Meat Market regeneration plans move forward with new sport facilities

Around 500 new affordable homes will be created as part of the project to redevelop the former meat market area.

Glasgow Meat Market sports facilities plans a ‘fantastic asset’ amid East End regeneration LDRS

Plans to turn B-listed sheds on the former Meat Market site into sports facilities and offices will create a “fantastic asset” for the area, a local councillor has said.

Council approval has now been granted for the pre-lease of the sheds, and a superintendent’s house, to Meat Market Heritage Trust, which will allow redevelopment to progress.

The deal is part of a wider regeneration project for the East End land, including 500 new affordable homes, active travel routes and a community hub.

A planned 25-year lease is expected to allow the trust to create a linear park on an area which lies over a railway tunnel and access funding from national bodies. No rent will be paid to the council.

Once the sheds have been refurbished, community sports facilities, bookable office space and, possibly, retail opportunities will be provided.

Speaking at a council meeting, Cllr Cecilia O’Lone, Labour, whose Calton ward includes the Meat Market site, said: “I think this is going to be a fantastic asset. 

“The worst thing that could happen is it gets left and ends up getting demolished. It does have heritage significance to the area and local people do recognise that.

“To have new and old together is the ideal situation. It’s good that this is going ahead and it will become an asset for the Calton ward, and particularly for the new residents in the area.”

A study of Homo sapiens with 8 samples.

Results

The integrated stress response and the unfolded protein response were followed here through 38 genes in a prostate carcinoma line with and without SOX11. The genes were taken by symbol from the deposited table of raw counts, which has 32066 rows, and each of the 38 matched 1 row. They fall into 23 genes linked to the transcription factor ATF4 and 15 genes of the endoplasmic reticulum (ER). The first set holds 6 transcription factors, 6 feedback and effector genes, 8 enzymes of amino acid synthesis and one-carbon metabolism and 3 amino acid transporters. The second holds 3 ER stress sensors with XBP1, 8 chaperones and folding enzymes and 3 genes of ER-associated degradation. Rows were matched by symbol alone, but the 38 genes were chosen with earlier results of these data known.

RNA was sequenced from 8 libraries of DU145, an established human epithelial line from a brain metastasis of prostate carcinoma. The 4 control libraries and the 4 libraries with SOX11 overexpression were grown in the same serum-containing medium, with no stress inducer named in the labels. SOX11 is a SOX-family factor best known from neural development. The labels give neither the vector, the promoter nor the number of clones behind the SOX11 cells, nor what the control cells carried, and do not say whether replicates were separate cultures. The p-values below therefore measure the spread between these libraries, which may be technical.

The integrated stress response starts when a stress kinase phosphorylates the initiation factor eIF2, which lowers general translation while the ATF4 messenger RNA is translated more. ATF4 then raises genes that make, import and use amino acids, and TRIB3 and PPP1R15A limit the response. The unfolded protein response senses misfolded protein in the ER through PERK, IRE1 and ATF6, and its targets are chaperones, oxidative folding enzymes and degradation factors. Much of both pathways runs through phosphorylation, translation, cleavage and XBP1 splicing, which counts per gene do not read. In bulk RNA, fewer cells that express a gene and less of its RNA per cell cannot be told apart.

The site, which has been empty for around 20 years, was used as the Glasgow Meat Market Abattoir and Slaughterhouse complex, established in 1817. It was closed around 40 years ago and the sheds were later used for motor auctions.

A council official said: “The proposal will deliver regeneration of the B-listed meat market shed and superintendent’s house, as well as contribute to wider area regeneration. 

“This extensive site has been unused since the early 2000s creating a barrier to movement within the locality and thus hindering access to services and opportunities in the city centre and wider East End.”

Final award of the lease would be conditional on the trust submitting a full business case to the council — with details of the timescales and proof of funding.

Council officials have been working with Milnbank Housing Association on a masterplan for the site and, a council report stated, a “special purpose vehicle” has been set up to “take over the delivery and operational phases of the project”.

These are the Meat Market Regeneration CIC and Meat Market Heritage Trust SCIO. The trust applied for the lease under the council’s People Make Glasgow Communities programmes, which allows local organisations to take over the management of council venues.

Patrick Flynn, the trust’s chairman, said: “We have undertaken significant community consultation to ensure that the proposed works at the Meat Market reflects the aims of the local people in terms of community use and job and training opportunities.

“Our board is striving to successfully develop the exciting projects that make up this significant regeneration initiative.”

Cllr Ruairi Kelly, SNP, the council’s convener for neighbourhood assets and services, said the project is “transforming a site in the East End that lay vacant for 20 years”.

He added: “Recent progress has been remarkable in the shape of the building of new affordable homes there. The work that the trust will do will further this transformation, improving the environment for the local community and visitors, and bringing new life and opportunities to the historic sheds and superintendent’s house.”